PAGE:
In 1997 the Government of Uganda (GoU) implemented Universal Primary Education (UPE) in the country. UPE provides access to primary education for all Ugandan children of primary age.
Although access to education was significantly increased nationwide, this was not matched by an increase in the quality of the education provided to children. Numerous factors contributed to a decrease in the quality of education within GoU schools among them larger class sizes, inadequate provision of classroom structures, a shortage in sheer numbers of teachers in schools as well as a lack of qualified, trained and motivated teachers to effectively handle the considerable influx of children walking into the classroom nationwide. (Aguti, 2002)
In addition to these factors, the ongoing conflict in the northern part of the country between the rebels from the Lord Resistance Army and the Uganda Peoples’ Defense Forces (UPDF) worsened the education situation of schools in the region. In response, the GoU through the United States Agency for International Development (USAID) started the Conflict Area Supplemental Educational Materials project (CASEM), to provide assistance to teachers and schools in these war-affected districts.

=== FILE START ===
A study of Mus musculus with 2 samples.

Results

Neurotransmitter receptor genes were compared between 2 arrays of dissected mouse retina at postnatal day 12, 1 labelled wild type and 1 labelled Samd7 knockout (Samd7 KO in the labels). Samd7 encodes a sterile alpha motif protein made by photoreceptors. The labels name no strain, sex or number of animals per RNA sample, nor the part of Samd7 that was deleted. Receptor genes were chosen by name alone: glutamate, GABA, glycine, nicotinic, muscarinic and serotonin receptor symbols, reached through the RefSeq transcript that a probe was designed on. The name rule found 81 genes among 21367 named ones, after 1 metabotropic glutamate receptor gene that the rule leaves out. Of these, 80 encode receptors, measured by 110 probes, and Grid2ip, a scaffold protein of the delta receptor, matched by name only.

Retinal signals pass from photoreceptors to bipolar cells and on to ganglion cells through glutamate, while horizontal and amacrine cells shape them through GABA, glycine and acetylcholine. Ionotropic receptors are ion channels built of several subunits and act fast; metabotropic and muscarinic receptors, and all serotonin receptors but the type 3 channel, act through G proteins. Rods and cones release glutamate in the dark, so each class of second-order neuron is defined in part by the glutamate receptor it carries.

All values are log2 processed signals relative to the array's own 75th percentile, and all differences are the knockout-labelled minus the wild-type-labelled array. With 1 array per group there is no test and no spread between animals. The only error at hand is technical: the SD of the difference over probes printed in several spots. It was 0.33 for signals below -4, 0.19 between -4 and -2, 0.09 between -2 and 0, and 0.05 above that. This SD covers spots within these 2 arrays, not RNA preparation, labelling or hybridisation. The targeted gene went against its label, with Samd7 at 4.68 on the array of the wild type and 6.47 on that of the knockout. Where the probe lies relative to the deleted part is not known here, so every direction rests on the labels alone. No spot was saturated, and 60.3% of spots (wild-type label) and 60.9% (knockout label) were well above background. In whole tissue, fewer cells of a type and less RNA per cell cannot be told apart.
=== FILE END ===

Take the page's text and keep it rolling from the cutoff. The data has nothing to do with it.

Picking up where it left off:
This capstone paper seeks to explore the perceptions of primary school teachers of the impact of the CASEM project in their schools. The author was part of a larger evaluation exercise done by Mango Tree Educational Enterprises to measure the overall impact of the project by attempting to identify changes in teaching approaches and challenges faced by teachers during the implementation of the project.
Education | International and Comparative Education
Hoke, Jason, "Child-Centered Teaching In The Ugandan Classroom: The Conflict Area Supplemental Education Materials Project (CASEM)" (2007). Capstone Collection. 719.